Let This Two Year Old Lead Us

Welcome back. Jesus said, unless we “change and become like little children,” we won’t “see the kingdom of heaven.”  Last week, you read about my experience as a four year old. Now, I’m going to tell you about a two year old. What are the characteristics of little ones that we big ones need?  And do we need to change our attitudes about the development and propensities of our young ones? Let’s consider another story.* 

“Two-year-old Elijah, whose mother is a ministry leader, had heard the word “holy” at church but also through the media in the phrase “holy cow.” Even at his tender age, this confused him. One day he asked several times, “What is ‘holy’?” Mom patiently responded as carefully as possible, trying to be age appropriate.” This is the way the mother reported it:

“So when I finally think his curiosity must be satisfied, we’re sitting there sharing a banana chocolate muffin, and he grabs my neck with his little arm and pulls my face close, saying, “Mama, let’s talk.” I am surprised but say, “What do you want to talk about?” He puts his face very close to mine and says very seriously, “WHAT IS ‘HOLY’?” He repeated the exact same thing three more times and listened very closely each time as I thought of every example I could that he could relate to.”

Isn’t this an amazing story? This was all I was going to report, but the story gets even better, so I need to quote some more:

“Another day Elijah (he calls himself Yiya) ran over to comfort his crying baby sister by patting her tummy and softly saying that he was right there with her. When his mother affirmed his actions, he looked up at her and said simply, “Yiya is like Jesus.”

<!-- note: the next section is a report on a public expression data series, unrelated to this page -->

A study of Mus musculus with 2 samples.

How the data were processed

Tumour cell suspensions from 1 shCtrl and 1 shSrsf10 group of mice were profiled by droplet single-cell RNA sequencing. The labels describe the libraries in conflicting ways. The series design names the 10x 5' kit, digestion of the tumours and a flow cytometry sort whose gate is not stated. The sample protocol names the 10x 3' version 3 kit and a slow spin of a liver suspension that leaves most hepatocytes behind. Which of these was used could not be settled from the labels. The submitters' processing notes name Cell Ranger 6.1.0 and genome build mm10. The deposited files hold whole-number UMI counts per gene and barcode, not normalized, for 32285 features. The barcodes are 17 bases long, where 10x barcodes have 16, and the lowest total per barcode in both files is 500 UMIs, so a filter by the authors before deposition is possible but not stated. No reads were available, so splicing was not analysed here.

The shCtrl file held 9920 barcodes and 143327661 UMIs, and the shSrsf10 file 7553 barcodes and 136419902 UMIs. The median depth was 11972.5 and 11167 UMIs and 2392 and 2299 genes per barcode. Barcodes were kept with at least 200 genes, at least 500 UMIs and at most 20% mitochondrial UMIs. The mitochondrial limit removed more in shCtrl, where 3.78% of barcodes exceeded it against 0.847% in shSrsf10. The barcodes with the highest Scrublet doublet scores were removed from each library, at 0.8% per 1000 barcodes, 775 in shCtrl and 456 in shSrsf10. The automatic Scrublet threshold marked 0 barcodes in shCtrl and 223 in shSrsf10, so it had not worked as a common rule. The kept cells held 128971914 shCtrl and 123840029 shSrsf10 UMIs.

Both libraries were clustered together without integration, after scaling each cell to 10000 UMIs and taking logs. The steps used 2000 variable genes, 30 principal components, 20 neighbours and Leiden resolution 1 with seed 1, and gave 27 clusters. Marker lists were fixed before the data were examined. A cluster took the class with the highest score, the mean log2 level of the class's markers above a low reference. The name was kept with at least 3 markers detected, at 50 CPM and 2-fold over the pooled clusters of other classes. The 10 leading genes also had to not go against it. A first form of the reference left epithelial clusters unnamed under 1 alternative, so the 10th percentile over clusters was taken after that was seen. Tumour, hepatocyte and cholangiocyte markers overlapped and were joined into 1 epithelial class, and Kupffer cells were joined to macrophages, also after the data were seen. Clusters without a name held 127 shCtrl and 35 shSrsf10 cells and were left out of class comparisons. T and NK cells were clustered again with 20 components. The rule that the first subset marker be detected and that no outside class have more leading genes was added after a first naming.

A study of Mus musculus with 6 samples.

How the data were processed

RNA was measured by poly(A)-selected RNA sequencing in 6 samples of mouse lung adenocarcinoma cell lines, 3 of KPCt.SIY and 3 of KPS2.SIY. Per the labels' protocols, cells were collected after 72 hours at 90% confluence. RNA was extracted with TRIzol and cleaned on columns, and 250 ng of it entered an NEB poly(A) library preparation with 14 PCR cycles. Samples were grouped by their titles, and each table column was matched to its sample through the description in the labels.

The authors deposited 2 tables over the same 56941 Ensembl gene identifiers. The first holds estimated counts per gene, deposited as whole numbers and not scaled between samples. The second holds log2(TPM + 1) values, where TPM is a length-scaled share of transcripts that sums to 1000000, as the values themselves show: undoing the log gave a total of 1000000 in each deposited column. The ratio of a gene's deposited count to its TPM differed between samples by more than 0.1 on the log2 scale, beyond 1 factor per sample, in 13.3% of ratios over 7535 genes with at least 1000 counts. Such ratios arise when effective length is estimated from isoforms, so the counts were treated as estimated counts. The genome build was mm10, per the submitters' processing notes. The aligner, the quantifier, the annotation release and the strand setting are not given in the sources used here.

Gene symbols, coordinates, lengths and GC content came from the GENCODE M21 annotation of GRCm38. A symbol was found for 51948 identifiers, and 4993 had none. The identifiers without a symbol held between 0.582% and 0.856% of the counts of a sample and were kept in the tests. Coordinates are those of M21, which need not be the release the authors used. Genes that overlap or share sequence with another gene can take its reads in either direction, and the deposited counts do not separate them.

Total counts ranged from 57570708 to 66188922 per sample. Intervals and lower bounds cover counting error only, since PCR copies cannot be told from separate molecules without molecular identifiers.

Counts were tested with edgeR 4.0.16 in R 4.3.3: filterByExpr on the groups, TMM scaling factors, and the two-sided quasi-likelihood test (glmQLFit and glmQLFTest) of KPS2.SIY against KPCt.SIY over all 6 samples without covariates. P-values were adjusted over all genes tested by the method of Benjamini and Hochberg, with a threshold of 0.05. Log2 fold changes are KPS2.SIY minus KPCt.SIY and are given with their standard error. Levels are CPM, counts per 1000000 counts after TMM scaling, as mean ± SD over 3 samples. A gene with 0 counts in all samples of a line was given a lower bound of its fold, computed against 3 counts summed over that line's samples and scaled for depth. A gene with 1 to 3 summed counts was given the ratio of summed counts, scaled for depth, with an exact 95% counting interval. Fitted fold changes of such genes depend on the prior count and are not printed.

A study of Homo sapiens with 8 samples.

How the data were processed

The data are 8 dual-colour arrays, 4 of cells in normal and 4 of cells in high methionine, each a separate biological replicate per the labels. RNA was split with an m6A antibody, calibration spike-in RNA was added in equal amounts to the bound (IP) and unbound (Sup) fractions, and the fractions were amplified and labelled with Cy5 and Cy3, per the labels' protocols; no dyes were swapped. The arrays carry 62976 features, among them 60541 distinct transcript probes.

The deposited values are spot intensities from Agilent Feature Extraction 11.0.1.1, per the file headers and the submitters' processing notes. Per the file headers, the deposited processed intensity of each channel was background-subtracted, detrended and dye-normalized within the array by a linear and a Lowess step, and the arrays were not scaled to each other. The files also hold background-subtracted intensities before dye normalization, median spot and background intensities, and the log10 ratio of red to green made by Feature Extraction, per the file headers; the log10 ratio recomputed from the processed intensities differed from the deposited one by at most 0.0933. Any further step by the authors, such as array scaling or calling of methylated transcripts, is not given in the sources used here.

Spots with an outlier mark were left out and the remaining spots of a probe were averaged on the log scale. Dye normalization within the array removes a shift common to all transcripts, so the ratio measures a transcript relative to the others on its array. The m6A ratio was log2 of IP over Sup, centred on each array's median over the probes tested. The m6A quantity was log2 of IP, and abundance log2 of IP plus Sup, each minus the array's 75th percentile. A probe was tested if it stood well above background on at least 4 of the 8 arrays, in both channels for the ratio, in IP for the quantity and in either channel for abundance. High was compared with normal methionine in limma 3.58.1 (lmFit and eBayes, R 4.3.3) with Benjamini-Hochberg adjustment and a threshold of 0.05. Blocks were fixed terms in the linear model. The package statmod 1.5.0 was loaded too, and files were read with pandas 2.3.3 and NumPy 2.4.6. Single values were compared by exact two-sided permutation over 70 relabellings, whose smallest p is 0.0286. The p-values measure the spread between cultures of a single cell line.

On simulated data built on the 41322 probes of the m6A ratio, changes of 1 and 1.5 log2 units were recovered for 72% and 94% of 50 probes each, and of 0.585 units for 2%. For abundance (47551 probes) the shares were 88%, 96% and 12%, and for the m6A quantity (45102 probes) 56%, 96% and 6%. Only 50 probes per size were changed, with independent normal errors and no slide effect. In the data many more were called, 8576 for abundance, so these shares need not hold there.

This story takes your breath away. Now, I could develop for you my own lessons from these stories, but I’d prefer to invite you to interact on this blog.  What do you learn from these vignettes of a four year old (last post) and from this two year old?  How do these stories impact your perceptions of young children? How can these stories stir your own Christian growth? How do you respond?


*Elijah’s story is from Listening to Children on the Spiritual Journey (subtitle: Guidance for Those Who Teach and Nurture) by Catherine Stonehouse and Scottie May; Grand Rapids, MI: Baker Academic, 2010, page 1.

Categories: Being Like Jesus | Tags: , , , | 2 Comments


  1. Shelly

    I love the innocence of both of your stories. Somehow, I feel as adults (parents, teachers, friends, etc.), we give approval language to the wrong things when our kids are little. Instead of giving approval for actions that are Christ-like (like Elijah’s), we add values such as “good” and “bad” to performance based actions. We do want to encourage obedience, selflessness and other Godly characters, but we forget to show our children that we all disobey and act selfish. I love this quote: “We out-sin our children while we are teaching them about Jesus.” Humility. Grace. Mercy. That’s what we all need, no matter our age!

    • Karen Olsen

      Thanks for your input! The quotation you gave us, “We out-sin our children while we are teaching them about Jesus,” is a humbling and thought-provoking thought. May the love of Jesus be poured out in our hearts by the Holy Spirit, so that we may love each other, where ever we are on this journey toward Christ-likeness and heaven.
      To put it in a more humorous and earthy way, my mother used to say, “We’ll all get along a lot better as soon as we accept that we’re all a bunch of odd balls!” My mother was a pastor’s wife, and she was referring to both our biological and church families. The bottom line, though, is that as Christians, we are “in Christ” positionally, and we are “growing in Christ” presently (our sanctification). We can learn and grow so much better together.